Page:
Camellia


Camellia

Bright and beautiful bold flowers of Camellias light up any border when spring is just in its infancy. Preferring an acidic soil, these evergreen shrubs originate from Asia and petals range from white, pink, red and yellow. 

Originally cultivated for gardens in Japan and China there are now over 3000 varieties of Camellias. An extremely useful plant; not only as an ornamental plant, but their leaves are used in tea, their oil is used in cooking, cleaning, protecting and also as a medicinal anti-inflammatory. 

The first ever Camellia seen in England was at Thorndon Hall in Essex in 1739. A single red and a single white variety. Thereafter with much cultivation, the Camellia was seen as the luxury flower by the 1840s.

  

 

 

 

Doronicum


Doronicum

Bright yellow daisy-like flowers with heart-shaped foliage, Doronicums or Leopards Bane, belong to the same family as sunflowers, Asteraceae and are one of the first herbaceous perennials to light up borders in the spring. Dead-head and they will continue flowering through to mid-summer.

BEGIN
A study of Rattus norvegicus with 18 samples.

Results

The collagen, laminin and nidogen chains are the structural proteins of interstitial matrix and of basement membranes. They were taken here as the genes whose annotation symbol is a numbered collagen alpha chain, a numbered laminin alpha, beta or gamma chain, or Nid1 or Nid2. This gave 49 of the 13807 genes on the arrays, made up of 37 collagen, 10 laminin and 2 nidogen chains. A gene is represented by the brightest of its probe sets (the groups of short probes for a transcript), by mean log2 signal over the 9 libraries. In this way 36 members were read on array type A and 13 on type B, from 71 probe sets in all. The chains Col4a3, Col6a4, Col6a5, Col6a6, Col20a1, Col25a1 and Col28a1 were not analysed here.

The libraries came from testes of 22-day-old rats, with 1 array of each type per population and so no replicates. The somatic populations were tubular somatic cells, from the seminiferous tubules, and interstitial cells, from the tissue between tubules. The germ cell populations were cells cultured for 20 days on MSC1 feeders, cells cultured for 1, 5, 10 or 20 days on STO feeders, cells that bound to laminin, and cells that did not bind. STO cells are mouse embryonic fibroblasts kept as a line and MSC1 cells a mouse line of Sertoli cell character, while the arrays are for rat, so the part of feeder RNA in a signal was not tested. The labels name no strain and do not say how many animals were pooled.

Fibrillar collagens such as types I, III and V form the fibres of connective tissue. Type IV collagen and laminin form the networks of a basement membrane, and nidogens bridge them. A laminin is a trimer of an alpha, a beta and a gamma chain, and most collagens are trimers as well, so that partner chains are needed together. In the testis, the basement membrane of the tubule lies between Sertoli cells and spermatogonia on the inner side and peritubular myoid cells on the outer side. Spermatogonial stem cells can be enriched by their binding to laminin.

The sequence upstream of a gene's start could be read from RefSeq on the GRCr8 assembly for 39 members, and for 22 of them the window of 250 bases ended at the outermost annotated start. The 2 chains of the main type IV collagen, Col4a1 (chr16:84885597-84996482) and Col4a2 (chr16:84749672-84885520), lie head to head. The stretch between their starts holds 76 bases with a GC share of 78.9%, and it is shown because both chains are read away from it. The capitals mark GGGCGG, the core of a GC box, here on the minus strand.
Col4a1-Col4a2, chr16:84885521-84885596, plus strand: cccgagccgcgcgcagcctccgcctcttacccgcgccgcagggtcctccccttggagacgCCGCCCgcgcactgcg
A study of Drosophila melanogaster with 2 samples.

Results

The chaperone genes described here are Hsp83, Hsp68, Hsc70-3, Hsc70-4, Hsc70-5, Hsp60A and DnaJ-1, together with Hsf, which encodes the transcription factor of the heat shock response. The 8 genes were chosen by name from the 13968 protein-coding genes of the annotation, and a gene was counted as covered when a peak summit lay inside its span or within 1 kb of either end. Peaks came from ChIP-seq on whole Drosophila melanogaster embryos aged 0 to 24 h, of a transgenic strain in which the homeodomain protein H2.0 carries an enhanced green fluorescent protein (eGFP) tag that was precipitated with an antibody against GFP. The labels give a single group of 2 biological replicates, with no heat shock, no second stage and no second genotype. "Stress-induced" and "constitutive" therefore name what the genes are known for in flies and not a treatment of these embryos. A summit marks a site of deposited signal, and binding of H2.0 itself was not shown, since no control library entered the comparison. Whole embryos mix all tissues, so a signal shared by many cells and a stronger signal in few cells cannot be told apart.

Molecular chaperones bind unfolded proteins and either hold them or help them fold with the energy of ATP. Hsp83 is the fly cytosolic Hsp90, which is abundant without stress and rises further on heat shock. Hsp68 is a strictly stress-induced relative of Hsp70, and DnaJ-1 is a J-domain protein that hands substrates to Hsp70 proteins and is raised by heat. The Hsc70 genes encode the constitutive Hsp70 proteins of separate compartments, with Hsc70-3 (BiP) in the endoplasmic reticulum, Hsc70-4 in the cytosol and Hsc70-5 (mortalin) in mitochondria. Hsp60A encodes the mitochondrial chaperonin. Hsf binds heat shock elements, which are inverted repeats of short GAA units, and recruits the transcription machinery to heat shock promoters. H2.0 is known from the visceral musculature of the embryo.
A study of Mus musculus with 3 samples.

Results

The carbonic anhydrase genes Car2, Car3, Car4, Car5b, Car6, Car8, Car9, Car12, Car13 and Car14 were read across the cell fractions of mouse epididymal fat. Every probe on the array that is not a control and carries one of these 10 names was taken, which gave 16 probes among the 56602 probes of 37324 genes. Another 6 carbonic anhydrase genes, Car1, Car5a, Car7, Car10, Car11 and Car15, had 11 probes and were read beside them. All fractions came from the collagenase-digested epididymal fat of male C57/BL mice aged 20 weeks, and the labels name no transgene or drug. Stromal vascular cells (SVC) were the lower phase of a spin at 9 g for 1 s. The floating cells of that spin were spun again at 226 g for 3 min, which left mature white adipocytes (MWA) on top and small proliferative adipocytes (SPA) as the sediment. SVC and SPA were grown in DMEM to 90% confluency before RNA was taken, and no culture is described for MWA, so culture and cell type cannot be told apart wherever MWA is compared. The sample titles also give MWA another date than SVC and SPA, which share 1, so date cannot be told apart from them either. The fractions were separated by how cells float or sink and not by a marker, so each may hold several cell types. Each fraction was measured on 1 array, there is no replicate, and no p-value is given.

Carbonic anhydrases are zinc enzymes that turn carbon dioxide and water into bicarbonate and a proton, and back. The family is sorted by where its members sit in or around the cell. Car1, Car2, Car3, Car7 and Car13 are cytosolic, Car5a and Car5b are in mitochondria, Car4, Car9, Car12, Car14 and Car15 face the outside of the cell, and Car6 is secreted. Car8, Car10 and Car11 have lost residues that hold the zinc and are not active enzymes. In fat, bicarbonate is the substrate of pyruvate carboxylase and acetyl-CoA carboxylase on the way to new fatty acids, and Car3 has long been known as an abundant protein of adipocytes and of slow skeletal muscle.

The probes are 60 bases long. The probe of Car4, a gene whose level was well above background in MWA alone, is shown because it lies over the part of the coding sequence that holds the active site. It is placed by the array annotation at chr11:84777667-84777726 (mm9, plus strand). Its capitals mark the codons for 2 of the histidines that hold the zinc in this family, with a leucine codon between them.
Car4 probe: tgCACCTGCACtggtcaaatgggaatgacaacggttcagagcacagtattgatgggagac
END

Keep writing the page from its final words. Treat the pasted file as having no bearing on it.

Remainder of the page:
Surprisingly not native, but have settled well here in Britain, and are believed to originate from Europe, Southwest Asia and Siberia. Doronicums are happy in sun or partial shade such as a woodland environment. Tall varieties also make a great cut flower. 

As an added bonus, these wonderfully cheery flowers also attract nectar eating insects such as bees. A word of caution though as all parts of this plant are toxic to humans so wear gloves when handling.

  

 

 

 

Snowdrops


Snowdrops

White petals of dainty-like snowdrops appear in January and February amongst woodland debris, and when temperatures rise a little, some exude a delicate honey-like perfume like no other. Varieties run into their thousands but take a closer look, and each plant differs, from their form to their distinctive markings. Most have an average height of 20cm but by planting in drifts, they are a wondrous sight. 

Believed to have been introduced from Europe into England in the sixteenth century, snowdrops seem to have settled here nicely. They are best suited to a woodland environment with well drained soil. Snowdrops pop up each year and spread and multiply over time naturally. 

These little gems are said to symbolize hope and purity, something we could all probably do with right now.